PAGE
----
ISLAMABAD, Pakistan — A new political crisis engulfed Pakistan Monday after one of the two main parties in the coalition government pulled its ministers out of the cabinet.
The move leaves the nuclear-armed Muslim state, a key ally in Washington's battle against al Qaida and the Taliban, facing a confrontation between its two big political parties. Previous face-offs resulted in repeated military interventions and culminated in a 1999 coup that brought U.S.-backed President Pervez Musharraf to power.
Former Prime Minister Nawaz Sharif announced that ministers from his Pakistan Muslim League-N would leave government after six weeks in office in a dispute over how to reverse Musharraf's November decision to fire the country's independent-minded judges. Sharif insisted on restoring top judges to their former posts and firing those Musharraf named, but his senior coalition partner, the Pakistan People's Party, balked.
"Our party has decided that we will not become part of the conspiracy to strengthen dictatorship," Sharif said.
Musharraf has insisted that his ouster of some 60 top judges cannot be undone.
Sharif said he'd continue to support the government "on an issue-by-issue basis" for now, but analysts said the split could become permanent if his party doesn't quickly rejoin the government.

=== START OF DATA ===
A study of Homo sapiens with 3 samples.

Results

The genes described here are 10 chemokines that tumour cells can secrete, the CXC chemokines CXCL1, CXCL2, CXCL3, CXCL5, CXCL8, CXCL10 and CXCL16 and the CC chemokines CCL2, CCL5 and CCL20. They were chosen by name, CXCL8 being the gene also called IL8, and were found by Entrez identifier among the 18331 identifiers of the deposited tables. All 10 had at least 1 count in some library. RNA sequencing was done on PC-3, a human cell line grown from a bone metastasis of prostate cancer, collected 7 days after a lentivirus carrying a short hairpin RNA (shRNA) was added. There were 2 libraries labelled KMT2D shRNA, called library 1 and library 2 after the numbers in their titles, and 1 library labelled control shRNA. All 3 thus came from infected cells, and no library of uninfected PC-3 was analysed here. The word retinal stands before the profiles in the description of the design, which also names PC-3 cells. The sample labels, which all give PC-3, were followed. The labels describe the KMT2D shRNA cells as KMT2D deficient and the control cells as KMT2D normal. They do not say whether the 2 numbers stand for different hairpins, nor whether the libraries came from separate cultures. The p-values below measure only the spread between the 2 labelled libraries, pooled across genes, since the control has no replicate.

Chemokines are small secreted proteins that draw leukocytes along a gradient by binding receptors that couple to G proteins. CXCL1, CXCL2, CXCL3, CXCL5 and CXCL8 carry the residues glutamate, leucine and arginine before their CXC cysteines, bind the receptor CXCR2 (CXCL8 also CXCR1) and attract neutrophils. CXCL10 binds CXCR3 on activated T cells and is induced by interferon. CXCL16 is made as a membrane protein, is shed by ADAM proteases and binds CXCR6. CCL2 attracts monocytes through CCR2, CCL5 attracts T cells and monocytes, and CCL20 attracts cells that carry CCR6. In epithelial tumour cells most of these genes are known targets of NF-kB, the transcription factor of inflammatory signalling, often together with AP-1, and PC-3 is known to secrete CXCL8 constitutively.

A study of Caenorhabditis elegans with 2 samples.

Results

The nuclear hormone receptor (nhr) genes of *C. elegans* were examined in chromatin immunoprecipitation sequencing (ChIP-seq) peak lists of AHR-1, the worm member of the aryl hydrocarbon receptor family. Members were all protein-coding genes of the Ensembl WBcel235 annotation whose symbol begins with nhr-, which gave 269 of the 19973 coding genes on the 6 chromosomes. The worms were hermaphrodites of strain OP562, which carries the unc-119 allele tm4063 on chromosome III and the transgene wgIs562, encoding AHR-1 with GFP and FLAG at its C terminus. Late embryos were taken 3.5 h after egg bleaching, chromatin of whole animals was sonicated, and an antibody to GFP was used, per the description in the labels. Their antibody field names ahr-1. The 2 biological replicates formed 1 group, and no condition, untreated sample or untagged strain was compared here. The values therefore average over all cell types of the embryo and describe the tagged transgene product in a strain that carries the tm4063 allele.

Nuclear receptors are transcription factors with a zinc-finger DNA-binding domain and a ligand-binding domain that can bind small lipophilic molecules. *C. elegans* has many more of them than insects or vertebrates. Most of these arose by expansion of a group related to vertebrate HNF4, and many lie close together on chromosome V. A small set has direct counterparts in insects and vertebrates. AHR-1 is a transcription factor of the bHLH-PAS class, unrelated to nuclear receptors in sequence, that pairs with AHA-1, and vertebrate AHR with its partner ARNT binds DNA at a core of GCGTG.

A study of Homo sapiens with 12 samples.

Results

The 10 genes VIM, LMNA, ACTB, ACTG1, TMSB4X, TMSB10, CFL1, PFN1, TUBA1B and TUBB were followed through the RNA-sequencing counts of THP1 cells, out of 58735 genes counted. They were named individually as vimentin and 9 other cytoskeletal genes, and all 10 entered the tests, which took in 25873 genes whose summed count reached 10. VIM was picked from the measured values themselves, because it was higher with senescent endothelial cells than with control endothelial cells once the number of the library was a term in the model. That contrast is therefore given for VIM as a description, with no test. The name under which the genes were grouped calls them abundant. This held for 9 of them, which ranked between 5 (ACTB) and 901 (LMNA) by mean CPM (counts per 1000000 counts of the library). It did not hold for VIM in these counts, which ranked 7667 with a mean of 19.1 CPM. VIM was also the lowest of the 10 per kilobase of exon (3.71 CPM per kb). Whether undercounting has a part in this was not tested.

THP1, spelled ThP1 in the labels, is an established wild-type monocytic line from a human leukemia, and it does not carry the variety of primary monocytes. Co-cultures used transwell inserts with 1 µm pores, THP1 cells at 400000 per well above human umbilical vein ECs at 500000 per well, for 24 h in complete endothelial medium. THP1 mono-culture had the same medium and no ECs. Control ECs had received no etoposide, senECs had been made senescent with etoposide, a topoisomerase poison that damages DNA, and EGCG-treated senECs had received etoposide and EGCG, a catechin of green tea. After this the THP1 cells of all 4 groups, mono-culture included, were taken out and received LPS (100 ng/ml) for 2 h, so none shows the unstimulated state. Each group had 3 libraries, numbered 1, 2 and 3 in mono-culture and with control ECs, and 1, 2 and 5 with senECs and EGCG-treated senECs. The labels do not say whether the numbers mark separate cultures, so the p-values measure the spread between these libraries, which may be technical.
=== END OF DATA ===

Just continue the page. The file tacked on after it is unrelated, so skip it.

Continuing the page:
The People's Party headed by Arif Zardari, the widower of slain former Prime Minister Benazir Bhutto, said that except for the finance portfolio, it would leave the ministries vacant "for a short time".
The People's Party may have to take new groups into the coalition in order to maintain its parliamentary majority, and its only choices would be parties allied with Musharraf, a move that wouldn't sit well with Zardari's constituents.
However, Sharif's stand leaves him vulnerable, too. His party runs the government of his native Punjab province, but he doesn't have an outright majority in the provincial parliament and relies on People's Party support.
If the separation of the parties hardens, the People's Party could team up with Musharraf's Pakistan Muslim League-Q to oust Sharif from the government of the Punjab, Pakistan's most highly populated and politically important region.
"Punjab is the real base of power in Pakistan," said Rasul Bakhsh Rais, a politics professor at the Lahore School of Management Sciences. "This will get bloody and nasty."
"This is a huge miscalculation by Nawaz Sharif," said Sehgal. "He can forget about impeachment (of Musharraf). Now he's got to play it cool in the Punjab just to survive."
Sharif's party alleges that Musharraf has pressured Zardari's People's Party to relent on the judges issue. Musharraf granted Zardari and his late wife legal amnesty in corruption cases, a behind-the-scenes deal apparently brokered by Washington.
Frequent meetings by top U.S. officials with the leaders of the tottering coalition have now left an impression that the Bush administration, acting on Musharraf's behalf, has tried to persuade Zardari to oppose reinstating the judges.
Pakistani lawyers who've campaigned to have the chief justice and other judges reinstated are now set to revive their protest movement, having given up on the new government's pledge to restore the judiciary.
Sharif had campaigned on a promise to restore the judges and throw out Musharraf, but he misjudged the People's Party, which was much more guarded on both issues. The two parties declared jointly in March that they'd restore the judges through a simple parliamentary resolution. Now the PPP says that complex legislation is needed and that the judges Musharraf installed in November must be retained.
(Shah is a McClatchy special correspondent.)